Background: Vertebral osteomyelitis (VO) is associated with considerable morbidity and its incidence seems to be increasing. Haematogenous spread is an important aetiological factor.
Aim: The objective was to describe a series of patients with VO and to search for a relationship between preceding bacteraemia and subsequent VO with the same pathogen.
Design and methods: A retrospective study of all treated cases of VO in a tertiary hospital over a 10-year period.
Results: There were 129 cases of VO (involving 125 patients) that received antimicrobial treatment. Eighty-three (66%) were male and the mean age was 59.5 years (range 1 month to 87 years). The vertebral level involved was lumbar in 66 (53%) cases and thoracic in 35 (28%) cases. Seventy-four cases (59%) had a microbiologically confirmed aetiology. The diagnostic yield from procedures was 46 and 36% from blood culture and bone biopsy, respectively. Staphylococcus aureus was the most common pathogen [38 of 74 (51%) cases]. Nine of 38 (24%) cases of Staphylococcus aureus VO had a preceding bacteraemia with the same pathogen in the previous year.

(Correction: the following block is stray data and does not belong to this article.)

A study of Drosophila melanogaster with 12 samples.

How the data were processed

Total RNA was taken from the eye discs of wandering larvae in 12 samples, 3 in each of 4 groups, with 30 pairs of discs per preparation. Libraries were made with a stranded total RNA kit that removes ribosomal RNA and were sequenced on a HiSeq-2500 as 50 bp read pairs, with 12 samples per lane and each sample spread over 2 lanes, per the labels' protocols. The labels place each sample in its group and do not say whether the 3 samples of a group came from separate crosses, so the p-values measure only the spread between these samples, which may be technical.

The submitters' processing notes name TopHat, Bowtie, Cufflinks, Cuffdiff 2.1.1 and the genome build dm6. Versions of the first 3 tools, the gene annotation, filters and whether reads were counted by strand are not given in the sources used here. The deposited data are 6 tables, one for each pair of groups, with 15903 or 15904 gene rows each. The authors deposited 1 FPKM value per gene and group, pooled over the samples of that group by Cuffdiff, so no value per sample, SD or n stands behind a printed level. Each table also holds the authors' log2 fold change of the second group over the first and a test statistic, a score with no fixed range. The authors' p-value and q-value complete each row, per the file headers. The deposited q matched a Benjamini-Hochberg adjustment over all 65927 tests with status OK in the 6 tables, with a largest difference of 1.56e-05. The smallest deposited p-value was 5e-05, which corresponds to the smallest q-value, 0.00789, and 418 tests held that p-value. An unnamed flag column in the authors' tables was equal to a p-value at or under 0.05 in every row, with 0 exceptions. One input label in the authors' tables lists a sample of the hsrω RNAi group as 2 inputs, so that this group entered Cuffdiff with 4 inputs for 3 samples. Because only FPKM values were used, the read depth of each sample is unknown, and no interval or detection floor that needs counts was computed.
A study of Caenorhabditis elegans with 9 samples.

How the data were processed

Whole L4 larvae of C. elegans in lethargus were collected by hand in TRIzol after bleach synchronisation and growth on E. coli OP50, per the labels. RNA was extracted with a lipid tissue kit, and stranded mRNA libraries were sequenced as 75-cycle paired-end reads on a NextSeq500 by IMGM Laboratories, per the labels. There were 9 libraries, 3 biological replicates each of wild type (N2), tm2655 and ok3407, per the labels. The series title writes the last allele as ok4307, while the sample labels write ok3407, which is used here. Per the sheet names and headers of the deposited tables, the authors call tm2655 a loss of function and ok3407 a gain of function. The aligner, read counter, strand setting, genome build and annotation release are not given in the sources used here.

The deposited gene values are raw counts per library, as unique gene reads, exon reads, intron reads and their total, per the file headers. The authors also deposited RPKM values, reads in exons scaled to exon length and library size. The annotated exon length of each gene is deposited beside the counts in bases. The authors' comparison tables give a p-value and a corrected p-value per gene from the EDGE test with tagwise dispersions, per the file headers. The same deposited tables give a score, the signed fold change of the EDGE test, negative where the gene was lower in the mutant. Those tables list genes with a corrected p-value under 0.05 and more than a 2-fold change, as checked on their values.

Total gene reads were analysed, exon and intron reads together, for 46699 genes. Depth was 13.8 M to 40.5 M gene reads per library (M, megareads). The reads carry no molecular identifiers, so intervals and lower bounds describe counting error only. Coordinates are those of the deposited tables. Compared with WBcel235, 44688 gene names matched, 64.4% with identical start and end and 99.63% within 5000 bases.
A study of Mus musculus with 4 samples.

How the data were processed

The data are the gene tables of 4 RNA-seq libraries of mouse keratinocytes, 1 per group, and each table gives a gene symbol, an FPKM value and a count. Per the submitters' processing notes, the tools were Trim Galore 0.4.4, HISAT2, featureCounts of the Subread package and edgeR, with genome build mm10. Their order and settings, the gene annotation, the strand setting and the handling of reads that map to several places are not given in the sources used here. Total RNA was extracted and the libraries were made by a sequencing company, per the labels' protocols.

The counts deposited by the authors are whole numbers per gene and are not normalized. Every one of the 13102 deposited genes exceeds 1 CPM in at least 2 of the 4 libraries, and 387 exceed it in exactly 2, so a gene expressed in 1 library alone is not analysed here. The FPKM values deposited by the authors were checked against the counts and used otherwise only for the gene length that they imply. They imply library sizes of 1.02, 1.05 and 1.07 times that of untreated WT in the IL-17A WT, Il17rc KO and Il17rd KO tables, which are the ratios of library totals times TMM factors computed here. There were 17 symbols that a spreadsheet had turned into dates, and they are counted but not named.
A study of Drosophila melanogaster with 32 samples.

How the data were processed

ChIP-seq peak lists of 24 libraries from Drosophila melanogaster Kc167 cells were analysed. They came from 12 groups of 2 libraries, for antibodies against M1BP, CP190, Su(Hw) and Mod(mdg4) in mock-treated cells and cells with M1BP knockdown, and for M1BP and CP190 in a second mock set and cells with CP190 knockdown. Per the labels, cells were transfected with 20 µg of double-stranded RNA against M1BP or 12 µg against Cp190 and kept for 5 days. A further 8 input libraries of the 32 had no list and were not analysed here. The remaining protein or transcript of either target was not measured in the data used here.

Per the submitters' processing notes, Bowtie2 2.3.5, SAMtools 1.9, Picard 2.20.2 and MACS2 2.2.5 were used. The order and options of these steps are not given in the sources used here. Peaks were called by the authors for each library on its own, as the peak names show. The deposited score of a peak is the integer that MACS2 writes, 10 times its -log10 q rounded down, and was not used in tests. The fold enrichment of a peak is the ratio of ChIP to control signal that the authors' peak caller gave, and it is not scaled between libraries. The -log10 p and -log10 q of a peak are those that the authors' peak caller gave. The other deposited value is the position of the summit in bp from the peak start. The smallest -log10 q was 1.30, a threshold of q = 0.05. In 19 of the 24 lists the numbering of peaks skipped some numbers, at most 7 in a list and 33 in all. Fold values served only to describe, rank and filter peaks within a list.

Conclusion: Staphylococcus aureus is an important pathogen causing bacteraemia with the ability to cause metastatic complications including VO. The high proportion of cases developing VO following a documented bacteraemia, sometimes many months previously, reinforce the importance of adequate aggressive treatment for bacteraemia. VO must be considered in all patients presenting with back pain up to a year after bacteraemia. Previous bacteraemias with relevant pathogens can help guide antibiotic treatment at presentation of VO and if biopsy cannot be obtained.